Family tree of the Mitsuhashi family
Kenrei Mitsuhashi, born in 1949, became a disciple of NIYODO in 1975 and studied under Kenrei Mitsuhashi the First. He actively held exhibitions at department stores nationwide and strove to showcase KAMAKURA-BORI as a work of art.
He dedicated ceremonial incense containers to Gyokurin-in of Daitokuji Temple in Kyoto during its major Heisei repair, and to Kenchoji Temple in Kamakura in 2012.
The container at Kenchoji is currently being used in one of its most essential ceremonies.
Kenyu Mitsuhashi, born in Kamakura in 1980, is a descendant of Busshi, professional Japanese sculptors specializing in statues of Buddha. His family's lineage originates in the13th century, during what is known as the Kamakura Period. In 2000, he studied under his father, Kenrei Mitsuhashi.
To acquire his self-discipline and the original intent as a Busshi, he studied Zen(禅) at Kenchoji Temple, the oldest Zen training monastery in Japan. In 2010, he was given the title "KENYU" by the Zen master Yoshida from this temple.
He produces traditional tea utensils and Buddhist altar fittings, while at the same time, introduces modern works of art to people all over the world.
800 years of tradition blended with modern style
KAMAKURA-BORI is a traditional art craft that has 800 years of the history, originated from Buddhist altar fittings at Zen temples in 13th century. Sculptors produce the crafts with the technique of engraving woods and applying the japan lacquer.
KAMAKURA-BORI is an exceptional art that has a soft texture from woods, a dignified atmosphere from the sharpness of the engraving knives, and a gloss with strength from the japan lacquer.
The roots of NIYODO are descended from Busshi, professional Japanese sculptors who specialized in statues of Buddha during the 12th century (also known as the Kamakura Period). The family has been keeping to their outstanding KAMAKURA-BORI techniques by understanding the changing times.
To be a professional NIYODO sculptor, one is required to create a wide-range of artworks, such as statues of Buddha, Buddhist altar fittings, and traditional tea utensils. Despite this variety, it is believed that the origin can be traced simply to the spirit of Zen (禅). In regards to Buddhist altar fittings, KAMAKURA-BORI sculptors have been engaged in creating implements, including embellishments, for Zen temples around Kamakura, Kyoto and other historical areas.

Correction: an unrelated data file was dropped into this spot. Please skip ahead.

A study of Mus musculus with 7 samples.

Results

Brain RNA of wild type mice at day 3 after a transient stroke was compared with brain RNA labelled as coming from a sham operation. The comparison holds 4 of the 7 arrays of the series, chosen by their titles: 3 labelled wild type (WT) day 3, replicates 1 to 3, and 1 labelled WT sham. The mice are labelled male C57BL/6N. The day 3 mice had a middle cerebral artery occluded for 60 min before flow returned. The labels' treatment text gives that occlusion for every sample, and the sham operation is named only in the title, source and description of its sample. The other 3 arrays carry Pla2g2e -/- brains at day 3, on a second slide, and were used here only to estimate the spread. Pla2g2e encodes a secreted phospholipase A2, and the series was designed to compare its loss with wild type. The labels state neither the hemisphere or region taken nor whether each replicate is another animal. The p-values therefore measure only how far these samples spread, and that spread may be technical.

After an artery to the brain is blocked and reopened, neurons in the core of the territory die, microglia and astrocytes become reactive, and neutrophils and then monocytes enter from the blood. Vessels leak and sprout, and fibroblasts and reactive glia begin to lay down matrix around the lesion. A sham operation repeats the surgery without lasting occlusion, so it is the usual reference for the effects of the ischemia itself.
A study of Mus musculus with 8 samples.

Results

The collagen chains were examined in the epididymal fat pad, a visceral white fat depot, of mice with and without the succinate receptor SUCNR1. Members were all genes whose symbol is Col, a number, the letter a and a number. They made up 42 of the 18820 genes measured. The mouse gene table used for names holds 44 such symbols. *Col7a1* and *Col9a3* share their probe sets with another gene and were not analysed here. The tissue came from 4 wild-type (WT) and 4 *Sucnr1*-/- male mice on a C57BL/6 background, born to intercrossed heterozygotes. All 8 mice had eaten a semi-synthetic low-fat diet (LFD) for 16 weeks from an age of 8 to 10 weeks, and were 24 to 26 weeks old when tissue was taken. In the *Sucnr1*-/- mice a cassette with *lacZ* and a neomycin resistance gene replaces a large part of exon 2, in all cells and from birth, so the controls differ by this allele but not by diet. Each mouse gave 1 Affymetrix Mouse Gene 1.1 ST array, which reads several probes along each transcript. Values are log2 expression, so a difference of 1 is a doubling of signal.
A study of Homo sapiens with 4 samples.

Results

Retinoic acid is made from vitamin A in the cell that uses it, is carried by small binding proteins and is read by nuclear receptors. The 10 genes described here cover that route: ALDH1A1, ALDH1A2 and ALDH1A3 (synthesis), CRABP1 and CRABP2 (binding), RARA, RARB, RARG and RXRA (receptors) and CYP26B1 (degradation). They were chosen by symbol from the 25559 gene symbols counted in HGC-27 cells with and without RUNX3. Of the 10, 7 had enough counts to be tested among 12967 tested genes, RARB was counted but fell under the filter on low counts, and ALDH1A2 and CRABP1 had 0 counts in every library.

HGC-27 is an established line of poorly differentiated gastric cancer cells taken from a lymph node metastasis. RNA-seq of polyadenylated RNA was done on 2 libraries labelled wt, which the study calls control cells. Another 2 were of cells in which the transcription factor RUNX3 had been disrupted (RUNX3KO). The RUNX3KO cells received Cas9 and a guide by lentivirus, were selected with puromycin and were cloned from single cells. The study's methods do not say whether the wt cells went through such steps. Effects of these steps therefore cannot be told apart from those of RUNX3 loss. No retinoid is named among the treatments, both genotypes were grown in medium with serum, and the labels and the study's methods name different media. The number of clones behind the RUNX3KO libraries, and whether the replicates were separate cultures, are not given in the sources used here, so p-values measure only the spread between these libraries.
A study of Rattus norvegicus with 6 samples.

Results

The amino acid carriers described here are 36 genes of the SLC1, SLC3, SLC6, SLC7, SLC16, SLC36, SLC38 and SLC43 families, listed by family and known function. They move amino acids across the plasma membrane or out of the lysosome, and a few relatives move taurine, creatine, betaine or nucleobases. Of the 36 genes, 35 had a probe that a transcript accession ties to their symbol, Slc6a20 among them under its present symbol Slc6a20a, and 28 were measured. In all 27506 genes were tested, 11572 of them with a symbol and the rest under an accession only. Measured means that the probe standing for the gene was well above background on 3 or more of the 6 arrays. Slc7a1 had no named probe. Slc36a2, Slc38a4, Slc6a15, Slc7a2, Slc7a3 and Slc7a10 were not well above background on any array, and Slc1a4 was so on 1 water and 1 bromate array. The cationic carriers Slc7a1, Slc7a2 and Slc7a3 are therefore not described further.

KAMAKURA-BORI has literally been advancing thanks to Zen teachings.
tea utensils favored by Nobunaga Oda
Regarding tea utensils, incense containers made in the style of KAMAKURA-BORI were highly regarded by Takeno Jōō, a master of Sen no Rikyu in the Muromachi Period, as well as by Nobunaga Oda in the 16th century during the Sengoku Period.
Some of these utensils still remain today, which shows just how essential they used to be for people in power during that time.
NIYODO dedicates its work to the mimicking of historic tea utensils from the Muromachi and the Edo periods (1300-1800AD), and to the traditional tea utensils produced for the Iemotos, the grand masters of tea ceremony.
NIYODO utilizes and expresses its 800 years of tradition in styles that meet the demands of everyone living today.
We, NIYODO, continue to introduce KAMAKURA-BORI to people all over the world as a symbol of Japanese beauty.
The Samurai Room
In recent years, NIYODO has exhibited their influence in not only the artworks at temples but also in the decoration at one of the highest-rated hotels. These engagements enable you to enjoy the latest style of Kamakura-Bori.
As you ponder on the samurai, through the craftsmanship of Kamakura-bori which we inherited from the time when samurai were all around us, I hope you will come to better appreciate the fine sense of Japanese aesthetics.
Enrich your time with KAMAKURA-BORI
This artwork can be used as a setting to serve confectionaries such as macaroons, chocolates, and cakes.
Macaroon Plate BOTAN Chocolate Plate GURI
It has been produced in traditional techniques and curved wood, repainted lacquer.
You can enjoy its gentle and shiny appearance and its luster of Japanese traditional lacquer by hanging it on the wall.
Craftsmanship that tells stories
A variety of tools essential to production
This is Kenyu's original pattern that instills images of the ocean's surface as seen from underwater.
Here, he expresses light streaming through the ocean's shimmering surface in Kamakura.
The softness of his sculpture and the laquer's glaze are, to the utmost extent, expressed in this artwork.
Japanese craftsmanship has been passed down continuously by the confiding of secrets from father to son, just as I inherited my own craftsmanship from my ancestors who looked after it reverently for a long 800 years.
I feel this is really what Japanese aesthetics is all about.